Government Officials Take Things as they Come
Only 6% of Britons, according to a poll published in Time, believe what their government is telling them about the Iraqi situation. I am sure many parliamentarians must have been flattered by this figure and rushed home to tell their spouses.
As a result the Stoep Talk Organisation held a similar poll, to find out what South Africans think about their government's assurances regarding crime and corruption.
We first asked the 37 500 respondents (Note: this figure has been rounded): "Do you trust the government with your tax money?"
(Note: this adds up to 165% because the figures have been rounded.)
Asked if they were convinced that the ANC government was seriously concerned about crime:
(Note: figures rounded to nearest 0,5).
Given a choice of three figures, respondents were asked to guess how much the minister of safety and security, now that he has made South Africa so much safer and more secure for everyone, spends annually on his own bodyguards, bulletproof cars, burglar bars, alarms, radio links, high walls and razor wire:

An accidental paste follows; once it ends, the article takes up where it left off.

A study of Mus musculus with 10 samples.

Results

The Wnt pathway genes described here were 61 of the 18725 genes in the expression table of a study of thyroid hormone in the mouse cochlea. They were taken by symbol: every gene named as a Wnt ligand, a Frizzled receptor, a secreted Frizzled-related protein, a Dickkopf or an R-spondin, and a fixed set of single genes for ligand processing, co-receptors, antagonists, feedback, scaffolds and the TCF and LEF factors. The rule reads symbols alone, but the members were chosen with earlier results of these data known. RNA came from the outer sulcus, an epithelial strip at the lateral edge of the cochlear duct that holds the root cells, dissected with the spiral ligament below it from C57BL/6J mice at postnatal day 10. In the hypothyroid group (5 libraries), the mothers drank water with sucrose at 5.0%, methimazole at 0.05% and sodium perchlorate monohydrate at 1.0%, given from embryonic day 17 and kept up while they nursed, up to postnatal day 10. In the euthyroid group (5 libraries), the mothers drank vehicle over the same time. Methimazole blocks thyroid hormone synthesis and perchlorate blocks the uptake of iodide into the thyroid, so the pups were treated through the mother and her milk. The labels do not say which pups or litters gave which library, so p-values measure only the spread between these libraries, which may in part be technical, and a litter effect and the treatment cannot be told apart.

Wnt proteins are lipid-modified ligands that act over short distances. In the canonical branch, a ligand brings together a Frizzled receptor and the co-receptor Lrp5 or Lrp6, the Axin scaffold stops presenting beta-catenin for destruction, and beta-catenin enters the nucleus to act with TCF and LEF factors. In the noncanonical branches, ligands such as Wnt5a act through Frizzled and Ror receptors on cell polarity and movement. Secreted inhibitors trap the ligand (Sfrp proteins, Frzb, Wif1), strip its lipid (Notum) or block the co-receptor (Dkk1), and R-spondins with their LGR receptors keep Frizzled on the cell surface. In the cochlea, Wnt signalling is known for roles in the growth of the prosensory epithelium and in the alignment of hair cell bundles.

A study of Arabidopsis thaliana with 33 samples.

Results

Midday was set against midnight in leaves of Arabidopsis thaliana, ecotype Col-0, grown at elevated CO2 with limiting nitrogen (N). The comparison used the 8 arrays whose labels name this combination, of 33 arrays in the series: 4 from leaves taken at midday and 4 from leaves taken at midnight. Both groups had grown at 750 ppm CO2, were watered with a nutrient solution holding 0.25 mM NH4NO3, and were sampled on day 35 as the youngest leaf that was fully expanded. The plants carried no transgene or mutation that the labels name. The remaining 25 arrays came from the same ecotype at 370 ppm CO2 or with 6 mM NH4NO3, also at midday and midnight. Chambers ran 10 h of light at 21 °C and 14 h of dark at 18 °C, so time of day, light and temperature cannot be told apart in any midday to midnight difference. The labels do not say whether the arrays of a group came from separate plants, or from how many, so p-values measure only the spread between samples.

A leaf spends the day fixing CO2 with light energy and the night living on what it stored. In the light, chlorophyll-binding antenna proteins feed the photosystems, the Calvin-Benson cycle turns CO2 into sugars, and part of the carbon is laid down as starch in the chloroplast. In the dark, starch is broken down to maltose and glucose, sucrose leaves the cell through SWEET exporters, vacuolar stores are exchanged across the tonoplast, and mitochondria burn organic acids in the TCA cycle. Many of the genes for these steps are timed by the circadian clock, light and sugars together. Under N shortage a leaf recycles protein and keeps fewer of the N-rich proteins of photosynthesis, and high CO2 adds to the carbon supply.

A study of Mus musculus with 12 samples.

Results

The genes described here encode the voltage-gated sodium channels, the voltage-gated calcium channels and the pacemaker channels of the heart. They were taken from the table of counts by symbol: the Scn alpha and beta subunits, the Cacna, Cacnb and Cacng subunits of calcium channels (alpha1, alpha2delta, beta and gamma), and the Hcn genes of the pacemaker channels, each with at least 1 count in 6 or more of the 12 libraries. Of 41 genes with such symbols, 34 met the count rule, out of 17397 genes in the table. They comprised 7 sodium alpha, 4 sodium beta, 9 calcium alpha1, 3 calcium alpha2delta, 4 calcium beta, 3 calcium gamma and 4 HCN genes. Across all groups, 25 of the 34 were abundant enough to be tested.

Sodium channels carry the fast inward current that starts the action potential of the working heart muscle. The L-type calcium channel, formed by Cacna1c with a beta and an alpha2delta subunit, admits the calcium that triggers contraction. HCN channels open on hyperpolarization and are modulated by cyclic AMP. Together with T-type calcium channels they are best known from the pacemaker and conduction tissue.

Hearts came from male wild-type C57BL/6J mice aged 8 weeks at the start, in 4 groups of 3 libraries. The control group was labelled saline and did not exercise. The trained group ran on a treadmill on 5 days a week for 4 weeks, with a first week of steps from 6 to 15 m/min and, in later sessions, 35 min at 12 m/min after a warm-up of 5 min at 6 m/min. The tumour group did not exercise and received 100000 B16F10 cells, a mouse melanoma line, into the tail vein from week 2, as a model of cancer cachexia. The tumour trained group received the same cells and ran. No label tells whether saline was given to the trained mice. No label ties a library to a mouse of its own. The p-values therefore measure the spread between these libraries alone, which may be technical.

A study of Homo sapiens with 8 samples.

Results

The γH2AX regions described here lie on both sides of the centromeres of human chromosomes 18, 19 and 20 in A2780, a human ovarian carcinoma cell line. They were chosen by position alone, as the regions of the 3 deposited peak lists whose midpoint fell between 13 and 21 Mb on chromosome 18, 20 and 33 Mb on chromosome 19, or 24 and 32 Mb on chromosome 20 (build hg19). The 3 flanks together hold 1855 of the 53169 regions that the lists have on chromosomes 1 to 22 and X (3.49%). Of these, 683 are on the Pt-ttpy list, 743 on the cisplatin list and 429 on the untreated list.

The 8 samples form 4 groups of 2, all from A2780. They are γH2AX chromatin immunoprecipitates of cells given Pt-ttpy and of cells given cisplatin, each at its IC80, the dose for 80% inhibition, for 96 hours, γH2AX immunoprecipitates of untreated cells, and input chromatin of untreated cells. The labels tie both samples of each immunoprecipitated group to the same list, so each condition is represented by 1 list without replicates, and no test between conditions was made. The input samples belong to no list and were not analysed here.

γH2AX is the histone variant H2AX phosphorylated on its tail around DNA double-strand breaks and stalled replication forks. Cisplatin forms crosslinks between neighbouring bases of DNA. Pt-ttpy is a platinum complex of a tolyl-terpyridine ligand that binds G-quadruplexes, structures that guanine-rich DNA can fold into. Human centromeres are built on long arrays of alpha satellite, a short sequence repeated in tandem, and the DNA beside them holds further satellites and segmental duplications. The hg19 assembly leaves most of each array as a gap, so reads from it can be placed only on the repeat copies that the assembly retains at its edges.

The Stoep Talk Organisation followed up with interviews.
Minister of Safety and Security Charles Nqakula said his personal security measures were necessary because the United States thinks he looks like Osama bin Laden and chase him all over the place trying to capture him. (Note: he does in fact look a bit like Bin Laden but only if Bin Laden's figure was rounded.)
The public works department has suffered R2 045-million in losses through theft of goods ranging from a medium-sized government garage complete with cars to 87,75-million Bic pens from its various offices. These rounded off figures are just for March 1999 (the latest available).
Asked why he wasn't worried by such losses, the department's spokesperson was philosophical. He said: "When in government you take things as you find them."
The defence force is offering a reward for anybody who can help it recover its Daphne class submarine carelessly left unattended during a scrap metal merchants' conference in Cape Town. Rumours are that it was melted down and made into millions of long-legged metal birds now being sold at Johannesburg traffic lights.
With acknowledgements to James Clarke and The Star.